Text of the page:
Some time early on, while on the path of emergency medicine training, pulmonary embolism (PE) becomes chiseled into the mind as one of those immediately deadly, can't-miss diagnoses that we must become expert not only at recognizing and managing but also at ruling out. To an emergency physician, the words “missed PE” rank up there with “missed MI” and “Remember that patient you saw?” as spoken phrases most likely to ruin the rest of your week.
To the rescue comes a freshly updated, must-read clinical policy by the American College of Emergency Physicians. Last updated in 2003, the policy seeks to answer six clinical questions on evaluating and managing acute PE in the emergency department. As with other ACEP clinical policies, an expert panel performed an exhaustive review of the pertinent literature, then provided summary clinical recommendations along with accompanying strength of evidence grades (A, B, or C) reflecting the quality of data available to support them.
Level A recommendations are backed by overwhelming evidence, and should be considered accepted principles of practice. Level B recommendations are management strategies provided with a moderate degree of clinical certainty. Level C recommendations have only limited evidence to support them, or alternatively are recommendations made by expert panel consensus.
Critical Issues in the Evaluation and Management of Adult Patients Presenting to the Emergency Department with Suspected Pulmonary Embolism
Fesmire FM, et al
Ann Emerg Med
Each clinical question and accompanying recommendation is summarized in the table, but a few points deserve discussion. According to the first question and its recommendation, a definitive PE clinical decision rule, risk stratification tool, or algorithmic approach still does not exist, despite numerous attempts over the years by many capable parties. No sufficient evidence supports that any one of these objective criteria strategies is superior to overall clinical gestalt. Emergency physicians can rest assured that even in 2011 there is little danger of being replaced by a computer, at least for the evaluation of acute, pleuritic chest pain.
If ever there were a simple decision rule potentially worth incorporating into your practice, it may be the Pulmonary Embolism Rule-out Criteria (PERC). (J Thromb Haemost 2004;2:1247.) Patients who are initially risk stratified by clinical gestalt into a low risk group and meet all eight PERC criteria have such a low incidence of PE (<1.4%) that they can safely be sent home without further testing.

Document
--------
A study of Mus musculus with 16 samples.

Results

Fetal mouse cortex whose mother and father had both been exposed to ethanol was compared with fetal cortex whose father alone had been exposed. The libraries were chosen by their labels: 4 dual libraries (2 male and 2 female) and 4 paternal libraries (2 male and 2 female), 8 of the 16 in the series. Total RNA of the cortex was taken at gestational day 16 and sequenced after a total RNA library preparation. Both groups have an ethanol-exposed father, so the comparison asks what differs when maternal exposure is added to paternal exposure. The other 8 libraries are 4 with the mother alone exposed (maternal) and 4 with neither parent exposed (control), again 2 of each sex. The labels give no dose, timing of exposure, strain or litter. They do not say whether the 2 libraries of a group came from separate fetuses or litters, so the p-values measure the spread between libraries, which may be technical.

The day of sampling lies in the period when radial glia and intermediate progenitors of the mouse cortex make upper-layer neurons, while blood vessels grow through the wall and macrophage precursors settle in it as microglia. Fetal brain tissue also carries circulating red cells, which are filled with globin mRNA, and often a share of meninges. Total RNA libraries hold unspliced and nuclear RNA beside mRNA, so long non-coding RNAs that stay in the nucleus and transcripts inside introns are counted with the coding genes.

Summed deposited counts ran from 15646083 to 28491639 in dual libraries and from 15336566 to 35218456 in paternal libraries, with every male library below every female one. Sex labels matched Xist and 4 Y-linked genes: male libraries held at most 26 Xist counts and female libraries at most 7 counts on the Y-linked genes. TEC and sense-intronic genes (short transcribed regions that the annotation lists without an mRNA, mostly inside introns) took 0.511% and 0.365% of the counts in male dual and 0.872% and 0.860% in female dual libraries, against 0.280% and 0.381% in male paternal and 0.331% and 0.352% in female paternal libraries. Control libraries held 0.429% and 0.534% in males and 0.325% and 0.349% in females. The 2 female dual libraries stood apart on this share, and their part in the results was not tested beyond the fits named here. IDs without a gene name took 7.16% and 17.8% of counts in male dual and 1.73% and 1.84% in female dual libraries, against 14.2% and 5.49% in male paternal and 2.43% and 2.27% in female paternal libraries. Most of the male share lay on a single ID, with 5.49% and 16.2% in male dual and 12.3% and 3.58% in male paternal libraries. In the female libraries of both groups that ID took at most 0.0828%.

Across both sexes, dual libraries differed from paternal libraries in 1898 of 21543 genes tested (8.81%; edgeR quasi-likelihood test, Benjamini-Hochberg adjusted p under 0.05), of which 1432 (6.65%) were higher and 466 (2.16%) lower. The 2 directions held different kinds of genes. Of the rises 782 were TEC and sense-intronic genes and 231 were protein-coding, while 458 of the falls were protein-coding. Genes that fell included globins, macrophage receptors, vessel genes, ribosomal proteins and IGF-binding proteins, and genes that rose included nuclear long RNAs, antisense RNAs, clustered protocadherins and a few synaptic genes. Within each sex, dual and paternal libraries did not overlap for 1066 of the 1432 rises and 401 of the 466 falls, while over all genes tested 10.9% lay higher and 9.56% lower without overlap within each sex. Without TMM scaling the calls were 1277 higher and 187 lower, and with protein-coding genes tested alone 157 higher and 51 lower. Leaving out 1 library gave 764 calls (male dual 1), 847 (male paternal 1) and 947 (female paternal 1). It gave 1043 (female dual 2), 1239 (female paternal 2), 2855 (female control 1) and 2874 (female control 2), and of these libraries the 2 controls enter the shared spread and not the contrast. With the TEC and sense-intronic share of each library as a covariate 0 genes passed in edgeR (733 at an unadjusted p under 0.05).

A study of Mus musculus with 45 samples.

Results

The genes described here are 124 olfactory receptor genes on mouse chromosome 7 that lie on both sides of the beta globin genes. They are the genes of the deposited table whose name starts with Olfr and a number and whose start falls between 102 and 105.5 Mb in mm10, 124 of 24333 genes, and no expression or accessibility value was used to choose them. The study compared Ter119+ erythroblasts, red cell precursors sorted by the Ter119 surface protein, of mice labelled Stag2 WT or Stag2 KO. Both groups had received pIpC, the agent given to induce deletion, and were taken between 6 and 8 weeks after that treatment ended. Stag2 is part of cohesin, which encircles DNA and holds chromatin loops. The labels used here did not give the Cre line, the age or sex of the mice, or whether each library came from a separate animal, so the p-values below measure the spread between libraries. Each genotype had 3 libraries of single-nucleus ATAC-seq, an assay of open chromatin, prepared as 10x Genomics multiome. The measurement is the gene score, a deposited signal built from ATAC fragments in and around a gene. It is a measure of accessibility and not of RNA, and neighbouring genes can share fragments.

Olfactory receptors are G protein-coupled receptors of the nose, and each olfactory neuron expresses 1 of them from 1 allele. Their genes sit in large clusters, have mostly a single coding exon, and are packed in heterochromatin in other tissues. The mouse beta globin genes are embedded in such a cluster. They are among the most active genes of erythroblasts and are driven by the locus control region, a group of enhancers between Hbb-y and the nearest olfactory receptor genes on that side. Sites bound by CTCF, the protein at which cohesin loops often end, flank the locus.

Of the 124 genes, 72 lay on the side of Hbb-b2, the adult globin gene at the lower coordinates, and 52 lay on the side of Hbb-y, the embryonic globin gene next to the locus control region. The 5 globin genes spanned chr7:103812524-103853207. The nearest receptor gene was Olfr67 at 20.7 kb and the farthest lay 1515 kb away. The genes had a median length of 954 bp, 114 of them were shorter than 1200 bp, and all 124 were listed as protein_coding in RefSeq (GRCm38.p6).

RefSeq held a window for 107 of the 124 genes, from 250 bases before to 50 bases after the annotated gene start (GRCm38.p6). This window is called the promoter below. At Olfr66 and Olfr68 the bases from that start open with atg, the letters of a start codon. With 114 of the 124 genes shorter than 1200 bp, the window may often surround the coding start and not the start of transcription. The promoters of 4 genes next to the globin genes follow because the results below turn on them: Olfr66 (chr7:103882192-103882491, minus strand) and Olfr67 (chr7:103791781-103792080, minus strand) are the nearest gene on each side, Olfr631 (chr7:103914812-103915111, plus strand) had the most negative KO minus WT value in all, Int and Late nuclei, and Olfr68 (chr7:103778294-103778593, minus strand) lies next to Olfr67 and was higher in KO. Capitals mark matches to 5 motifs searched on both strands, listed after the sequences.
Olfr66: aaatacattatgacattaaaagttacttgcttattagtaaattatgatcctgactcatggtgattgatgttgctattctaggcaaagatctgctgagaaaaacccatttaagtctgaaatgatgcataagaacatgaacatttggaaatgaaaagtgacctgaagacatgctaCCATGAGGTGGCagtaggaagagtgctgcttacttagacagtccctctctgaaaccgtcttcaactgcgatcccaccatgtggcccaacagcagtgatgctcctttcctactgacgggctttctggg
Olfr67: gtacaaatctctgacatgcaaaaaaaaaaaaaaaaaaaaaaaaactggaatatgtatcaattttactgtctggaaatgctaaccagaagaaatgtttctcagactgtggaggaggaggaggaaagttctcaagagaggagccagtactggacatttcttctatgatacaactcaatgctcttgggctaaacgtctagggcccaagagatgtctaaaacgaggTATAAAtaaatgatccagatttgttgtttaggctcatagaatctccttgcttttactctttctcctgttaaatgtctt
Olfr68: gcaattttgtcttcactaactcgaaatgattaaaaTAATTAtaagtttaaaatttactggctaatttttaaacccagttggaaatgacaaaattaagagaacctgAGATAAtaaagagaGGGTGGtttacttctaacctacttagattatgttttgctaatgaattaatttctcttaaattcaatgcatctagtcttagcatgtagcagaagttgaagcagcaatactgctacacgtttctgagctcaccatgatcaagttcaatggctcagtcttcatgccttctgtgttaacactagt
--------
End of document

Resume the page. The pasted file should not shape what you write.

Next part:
The highly sensitive D-dimer assay, when used appropriately, can be useful. As its name implies, it is highly sensitive, and has a very low false-negative rate. When pretest probability is low and the highly sensitive D-dimer is negative, one can be confident that the patient does not have a PE. In clinical scenarios where pretest concern for PE is moderate or high, further testing may be required even after a negative D-dimer.
The most important takeaway, though, is to avoid the trap of using the highly sensitive D-dimer to replace your clinical judgment. This can happen easily when the test is ordered indiscriminately. Always remember this assay has an alternate name — the horribly specific D-dimer. When the likelihood of PE based on your clinical gestalt is extremely low risk, the best decision for your patient is not to perform any testing at all.
Patients at extremely low risk for PE are frequently and unnecessarily subjected to the hazards of subsequent CT contrast and radiation after D-dimer testing because false positive D-dimer results far outnumber true positive results in this subset of patients. In one study, after introducing the highly sensitive D-dimer assay to an academic center, without any protocol or restraint, CT angiography increased by 34 percent without any concurrent increase in the diagnosis of PE. (Acad Emerg Med 2006; 13:519.)
Comments about this article? Write to EMN at email@example.com.
Pulmonary Embolism Rule-out Criteria (PERC)
* Under 50 years old
* Heart rate less than 100 bpm
* SaO2 greater than 94%
* No unilateral leg swelling
* No hemoptysis
* No prior DVT/PE
* No recent trauma or surgery
* No hormone use
Source: J Thromb Haemost 2004; 2:1247.
EMN on the Go
Read Emergency Medicine News on the go by downloading our free fulltext articles directly to your smart phone or eReader.
The Journals@LWW app has two channels — My Journals and My Specialty — that allow you to locate EMN and other journal articles quickly and easily. The My Journals channel lets you see the LWW publications related to emergency medicine, such as the Shock, The Journal of Trauma, and Pediatric Emergency Care. Tapping any journal title takes you right to its current issue. The My Specialty channel lists the titles of latest high-impact information in the specialty.
It's EMN any way you like it. In print. On the web. On Twitter. On your phone or eReader.